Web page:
Books for developing countries

Re: your mention of the distance from those who partake primarily in oral
culture of writers like Derrida and Foucault: I think this is a very
important concern. I think it is important to try to cast the question, the
situation, as I think you are, in light, where possible, of, say, F or D.
In what is looking to be something of an at least temporary signature, I
invite you to take up the theme of this kind of influence within the context
of networking activism which would work seriously to get books to the places
you are talking about. You can bring it up here or e-mail me. I work with a
"Peace and Justice Resource Center" and am involved in projects which could
relate to the kind of thing your talking about. We are currently doing
reading groups on Freire's Pedagogy of the Oppressed, and I am a member of a
Haitian based popular organization, for example. There are real avenues for
the kind of influence you mention. At the same time, we readers, we
Foucauldians, etc., know (maybe) that such influence, the will to
influence, the institutions of influence all are very, very problematical.
But I am personally just as certain that a "thought", "discursive formation"
which operates too perfectly within the context of the basic power structures
of the university, and which can't work and *accomplish* work in the
direction you're talking about is probably operating with too much complicity,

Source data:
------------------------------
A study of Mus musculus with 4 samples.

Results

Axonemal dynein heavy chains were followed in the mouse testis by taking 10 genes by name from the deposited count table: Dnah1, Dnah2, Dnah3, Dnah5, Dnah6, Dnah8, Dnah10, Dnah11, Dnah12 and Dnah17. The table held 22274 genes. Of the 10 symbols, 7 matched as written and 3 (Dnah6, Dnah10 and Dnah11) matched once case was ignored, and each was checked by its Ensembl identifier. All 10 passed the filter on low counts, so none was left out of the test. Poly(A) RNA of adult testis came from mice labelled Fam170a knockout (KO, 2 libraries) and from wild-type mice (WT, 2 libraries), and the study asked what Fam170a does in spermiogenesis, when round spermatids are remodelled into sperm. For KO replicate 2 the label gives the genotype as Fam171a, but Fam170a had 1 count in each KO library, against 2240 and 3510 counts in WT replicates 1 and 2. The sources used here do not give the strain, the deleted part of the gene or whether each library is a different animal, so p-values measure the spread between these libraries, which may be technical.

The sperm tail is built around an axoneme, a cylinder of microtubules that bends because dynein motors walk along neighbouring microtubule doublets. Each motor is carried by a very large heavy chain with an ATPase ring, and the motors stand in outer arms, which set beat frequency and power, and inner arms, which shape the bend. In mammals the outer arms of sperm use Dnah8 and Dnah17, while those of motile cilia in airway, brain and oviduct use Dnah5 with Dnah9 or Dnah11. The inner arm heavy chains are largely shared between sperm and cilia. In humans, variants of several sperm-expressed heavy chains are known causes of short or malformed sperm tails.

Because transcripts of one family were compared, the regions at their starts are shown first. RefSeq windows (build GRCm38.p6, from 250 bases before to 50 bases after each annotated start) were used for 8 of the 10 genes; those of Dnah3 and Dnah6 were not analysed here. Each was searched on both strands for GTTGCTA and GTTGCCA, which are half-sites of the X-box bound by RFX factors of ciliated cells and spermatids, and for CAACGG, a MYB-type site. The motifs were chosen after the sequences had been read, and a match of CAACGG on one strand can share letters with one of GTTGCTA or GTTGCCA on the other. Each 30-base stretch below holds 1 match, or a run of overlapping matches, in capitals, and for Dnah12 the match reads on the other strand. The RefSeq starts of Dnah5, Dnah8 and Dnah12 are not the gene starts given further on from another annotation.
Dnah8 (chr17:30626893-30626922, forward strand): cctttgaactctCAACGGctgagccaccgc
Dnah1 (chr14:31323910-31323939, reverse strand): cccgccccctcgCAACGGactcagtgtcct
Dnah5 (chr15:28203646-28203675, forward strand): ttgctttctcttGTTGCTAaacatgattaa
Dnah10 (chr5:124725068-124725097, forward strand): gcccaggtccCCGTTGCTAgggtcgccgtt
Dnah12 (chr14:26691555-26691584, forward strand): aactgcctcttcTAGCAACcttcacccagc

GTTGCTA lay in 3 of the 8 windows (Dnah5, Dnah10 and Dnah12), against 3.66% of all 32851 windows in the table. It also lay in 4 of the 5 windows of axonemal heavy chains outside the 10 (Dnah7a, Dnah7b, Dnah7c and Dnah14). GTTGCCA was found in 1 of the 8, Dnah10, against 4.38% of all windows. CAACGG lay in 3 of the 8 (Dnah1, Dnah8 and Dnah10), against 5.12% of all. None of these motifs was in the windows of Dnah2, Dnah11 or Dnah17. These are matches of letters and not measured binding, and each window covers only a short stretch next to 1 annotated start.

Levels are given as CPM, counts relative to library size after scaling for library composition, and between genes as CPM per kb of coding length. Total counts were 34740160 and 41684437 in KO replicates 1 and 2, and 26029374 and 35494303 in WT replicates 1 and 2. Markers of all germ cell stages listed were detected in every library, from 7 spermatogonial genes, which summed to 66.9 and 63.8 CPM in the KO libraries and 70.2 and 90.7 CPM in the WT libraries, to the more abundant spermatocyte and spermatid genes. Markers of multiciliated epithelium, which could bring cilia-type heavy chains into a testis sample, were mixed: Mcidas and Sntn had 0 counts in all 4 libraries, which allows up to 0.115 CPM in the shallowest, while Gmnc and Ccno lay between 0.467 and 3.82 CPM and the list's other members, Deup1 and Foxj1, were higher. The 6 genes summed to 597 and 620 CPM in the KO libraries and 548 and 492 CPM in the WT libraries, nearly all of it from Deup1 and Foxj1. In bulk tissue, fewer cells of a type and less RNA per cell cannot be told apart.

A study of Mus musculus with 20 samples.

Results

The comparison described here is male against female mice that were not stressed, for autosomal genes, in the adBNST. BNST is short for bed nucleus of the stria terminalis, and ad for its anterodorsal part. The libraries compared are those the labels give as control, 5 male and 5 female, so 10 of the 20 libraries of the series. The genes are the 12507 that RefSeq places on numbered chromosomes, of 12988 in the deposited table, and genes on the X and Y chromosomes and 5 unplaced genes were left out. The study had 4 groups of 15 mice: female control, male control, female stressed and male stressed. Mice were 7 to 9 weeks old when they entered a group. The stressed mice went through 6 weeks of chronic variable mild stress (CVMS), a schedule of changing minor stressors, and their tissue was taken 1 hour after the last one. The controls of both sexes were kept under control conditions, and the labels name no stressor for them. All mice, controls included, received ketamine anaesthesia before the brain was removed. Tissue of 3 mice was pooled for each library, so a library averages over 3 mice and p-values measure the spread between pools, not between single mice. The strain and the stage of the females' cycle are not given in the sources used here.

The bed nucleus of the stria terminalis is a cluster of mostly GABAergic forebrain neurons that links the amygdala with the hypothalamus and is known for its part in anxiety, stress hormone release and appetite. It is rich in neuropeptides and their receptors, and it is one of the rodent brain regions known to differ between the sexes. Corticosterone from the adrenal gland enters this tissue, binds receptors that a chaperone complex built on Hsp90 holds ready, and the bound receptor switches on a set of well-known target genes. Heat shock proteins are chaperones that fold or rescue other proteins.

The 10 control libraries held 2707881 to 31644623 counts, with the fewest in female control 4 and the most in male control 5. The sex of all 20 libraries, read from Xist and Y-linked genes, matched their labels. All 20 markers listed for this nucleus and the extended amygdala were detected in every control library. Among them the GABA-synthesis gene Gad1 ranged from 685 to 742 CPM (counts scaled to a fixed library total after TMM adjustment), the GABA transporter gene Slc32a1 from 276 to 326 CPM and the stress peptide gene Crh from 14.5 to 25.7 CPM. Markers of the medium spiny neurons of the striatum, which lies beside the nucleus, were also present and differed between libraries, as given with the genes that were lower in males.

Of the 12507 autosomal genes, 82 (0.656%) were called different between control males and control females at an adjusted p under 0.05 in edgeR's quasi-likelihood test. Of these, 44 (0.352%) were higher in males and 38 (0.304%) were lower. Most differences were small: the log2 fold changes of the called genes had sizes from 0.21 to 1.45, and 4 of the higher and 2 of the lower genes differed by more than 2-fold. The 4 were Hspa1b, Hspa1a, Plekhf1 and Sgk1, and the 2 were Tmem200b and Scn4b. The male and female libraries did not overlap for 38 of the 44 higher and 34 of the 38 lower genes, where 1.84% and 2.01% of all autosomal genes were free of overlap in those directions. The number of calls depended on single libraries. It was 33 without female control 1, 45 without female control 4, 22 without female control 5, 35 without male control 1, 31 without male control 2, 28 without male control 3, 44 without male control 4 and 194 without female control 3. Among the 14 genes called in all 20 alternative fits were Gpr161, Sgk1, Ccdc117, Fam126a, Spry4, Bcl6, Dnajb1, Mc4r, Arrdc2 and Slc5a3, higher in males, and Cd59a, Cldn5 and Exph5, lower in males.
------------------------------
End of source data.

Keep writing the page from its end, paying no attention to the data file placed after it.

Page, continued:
too. At the time of this writing, Clinton gave his address concerning Haiti.
He said that there were no alternatives. The abyss, which is and is not an
abyss, between "theory" (even Foucauldian theory) and "action" should be
questioned in proximity of the possibility (and hence some minimal actuality)
of "action". What this action is is another question. Post-politically, it
doesn't mean strictly or predominantly what is called action in the prevailing
senses of the term. Nor is it action considered within a hyper-linguistic
framework, at the limits of, say, Habermassian programs. Nor is it not
these. But there is nothing to stand in the way, it seems to me, of
seriously considering setting up some kind of book exchanges, say. If you
(and others) would like to put something together, I would be interested in
touching bases and maybe setting something up with "action groups" which are
in contact on a regular basis with places meeting your description. Haiti is
a very good example, as it has a very low literacy rate. Yet there are many
possibilities. Tapes, for example. The questions this kind working would
open up, provided one stands up in them "properly", only help to vitalize
and authenticat thinking like Foucault's.